How to Fix the Brakes on a Kid's Bike
bicycle image by Sergey Danilov from Fotolia.com
A child's bicycle will need basic maintenance to keep it running smoothly. If you find the brakes aren't working correctly, then you can fix them yourself. There's no need to go to a professional bike shop to fix the brake tension.
The whole tension correcting procedure should take less than 5 minutes and can be completed using a common tool.
Find the hand brake, which is attached to the handlebars. Grip it with your hand to activate the brake to determine if the brake needs more tension or less tension. A brake that's too tense will be hard for a kid to squeeze, while a loose brake won't effectively stop the bike.
- A child's bicycle will need basic maintenance to keep it running smoothly.
- A brake that's too tense will be hard for a kid to squeeze, while a loose brake won't effectively stop the bike.
Look for spot where the cable goes into the hand brake. Notice there are two moving parts. One is a nut that is touching the brake grip, and the other is a knob connected to the nut. No tools are necessary to modify the tension of a kids' bike.
Turn the nut counterclockwise until it's loose.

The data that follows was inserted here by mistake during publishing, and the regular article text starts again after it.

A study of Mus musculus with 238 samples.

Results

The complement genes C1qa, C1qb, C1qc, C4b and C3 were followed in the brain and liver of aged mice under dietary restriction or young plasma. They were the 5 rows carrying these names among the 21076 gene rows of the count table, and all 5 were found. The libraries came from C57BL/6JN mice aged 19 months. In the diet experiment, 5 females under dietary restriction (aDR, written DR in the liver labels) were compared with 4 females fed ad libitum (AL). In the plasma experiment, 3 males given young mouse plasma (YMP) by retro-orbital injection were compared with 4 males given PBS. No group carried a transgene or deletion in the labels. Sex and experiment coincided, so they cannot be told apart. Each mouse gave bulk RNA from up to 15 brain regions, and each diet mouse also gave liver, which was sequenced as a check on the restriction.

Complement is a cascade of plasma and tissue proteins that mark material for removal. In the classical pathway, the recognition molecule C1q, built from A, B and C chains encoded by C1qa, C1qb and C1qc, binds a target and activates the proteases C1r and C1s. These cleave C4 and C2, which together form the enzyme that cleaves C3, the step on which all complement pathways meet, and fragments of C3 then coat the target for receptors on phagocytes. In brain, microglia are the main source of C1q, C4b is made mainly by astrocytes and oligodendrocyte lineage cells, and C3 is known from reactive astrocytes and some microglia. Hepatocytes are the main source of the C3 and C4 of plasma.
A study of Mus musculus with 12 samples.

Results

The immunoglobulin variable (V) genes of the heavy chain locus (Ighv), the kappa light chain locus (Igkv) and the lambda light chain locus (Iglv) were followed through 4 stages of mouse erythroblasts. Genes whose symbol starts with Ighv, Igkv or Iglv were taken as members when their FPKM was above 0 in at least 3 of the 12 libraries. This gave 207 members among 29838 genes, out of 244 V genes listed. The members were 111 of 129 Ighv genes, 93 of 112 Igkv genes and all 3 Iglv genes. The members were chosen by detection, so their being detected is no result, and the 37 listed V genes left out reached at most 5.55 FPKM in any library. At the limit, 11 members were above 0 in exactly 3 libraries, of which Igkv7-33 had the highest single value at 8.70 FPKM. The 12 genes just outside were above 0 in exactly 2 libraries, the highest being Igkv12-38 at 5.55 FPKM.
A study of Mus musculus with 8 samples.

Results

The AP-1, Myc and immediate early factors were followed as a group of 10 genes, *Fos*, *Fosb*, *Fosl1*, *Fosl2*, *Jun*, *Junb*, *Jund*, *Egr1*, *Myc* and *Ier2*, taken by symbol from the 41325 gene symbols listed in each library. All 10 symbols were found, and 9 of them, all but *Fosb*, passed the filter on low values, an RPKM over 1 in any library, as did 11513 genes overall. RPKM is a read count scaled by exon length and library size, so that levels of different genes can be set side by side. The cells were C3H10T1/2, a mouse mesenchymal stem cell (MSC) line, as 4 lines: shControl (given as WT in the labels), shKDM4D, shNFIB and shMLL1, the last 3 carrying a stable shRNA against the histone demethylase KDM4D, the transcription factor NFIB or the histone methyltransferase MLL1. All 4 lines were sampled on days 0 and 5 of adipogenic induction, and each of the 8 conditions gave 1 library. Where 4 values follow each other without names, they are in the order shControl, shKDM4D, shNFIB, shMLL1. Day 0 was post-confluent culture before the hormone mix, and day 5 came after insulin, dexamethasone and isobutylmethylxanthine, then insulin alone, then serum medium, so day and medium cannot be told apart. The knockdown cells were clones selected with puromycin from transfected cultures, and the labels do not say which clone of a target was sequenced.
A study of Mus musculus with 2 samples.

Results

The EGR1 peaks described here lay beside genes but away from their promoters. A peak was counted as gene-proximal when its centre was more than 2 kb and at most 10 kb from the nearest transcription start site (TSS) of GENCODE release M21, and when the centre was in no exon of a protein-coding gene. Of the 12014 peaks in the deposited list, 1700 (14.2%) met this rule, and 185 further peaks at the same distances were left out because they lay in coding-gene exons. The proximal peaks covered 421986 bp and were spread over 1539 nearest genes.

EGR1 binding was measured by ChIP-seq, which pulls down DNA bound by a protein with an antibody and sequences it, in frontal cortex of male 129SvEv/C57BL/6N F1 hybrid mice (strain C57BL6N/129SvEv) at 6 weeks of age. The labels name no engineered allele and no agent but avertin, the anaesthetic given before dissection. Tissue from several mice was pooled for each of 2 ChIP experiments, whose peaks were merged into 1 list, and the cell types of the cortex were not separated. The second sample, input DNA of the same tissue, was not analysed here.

Twist the knob counterclockwise to loosen the brake tension, and clockwise to tighten it. Continue squeezing the brake in and out while you're adjusting the knob and stop when the tension feels right.
- Look for spot where the cable goes into the hand brake.
- Continue squeezing the brake in and out while you're adjusting the knob and stop when the tension feels right.
Tighten the nut by turning it clockwise.
Turn the bicycle upside down so it's resting with the seat and handlebars touching the ground.
Spin the tire and see if the brake pads are rubbing against the rims of the tire.
Take a wrench and loosen the piece of metal bolt holding the brake pad in place by turning it counterclockwise.
Adjust the brake so that it's square and barely touching the rim.
Tighten the bolt using the wrench by turning it clockwise.
- Be careful not to get your fingers stuck in the spokes when you spin the wheel.
Based in West Windsor, N.J., Sarah Silverman has been writing computer- and electronics-related articles since 1990. Her articles have appeared in “Wired” and “Ericsson” magazines. She received the Kim Swiss Award in 2006. Silverman holds a Bachelor of Arts in journalism from the University of Rochester in New York.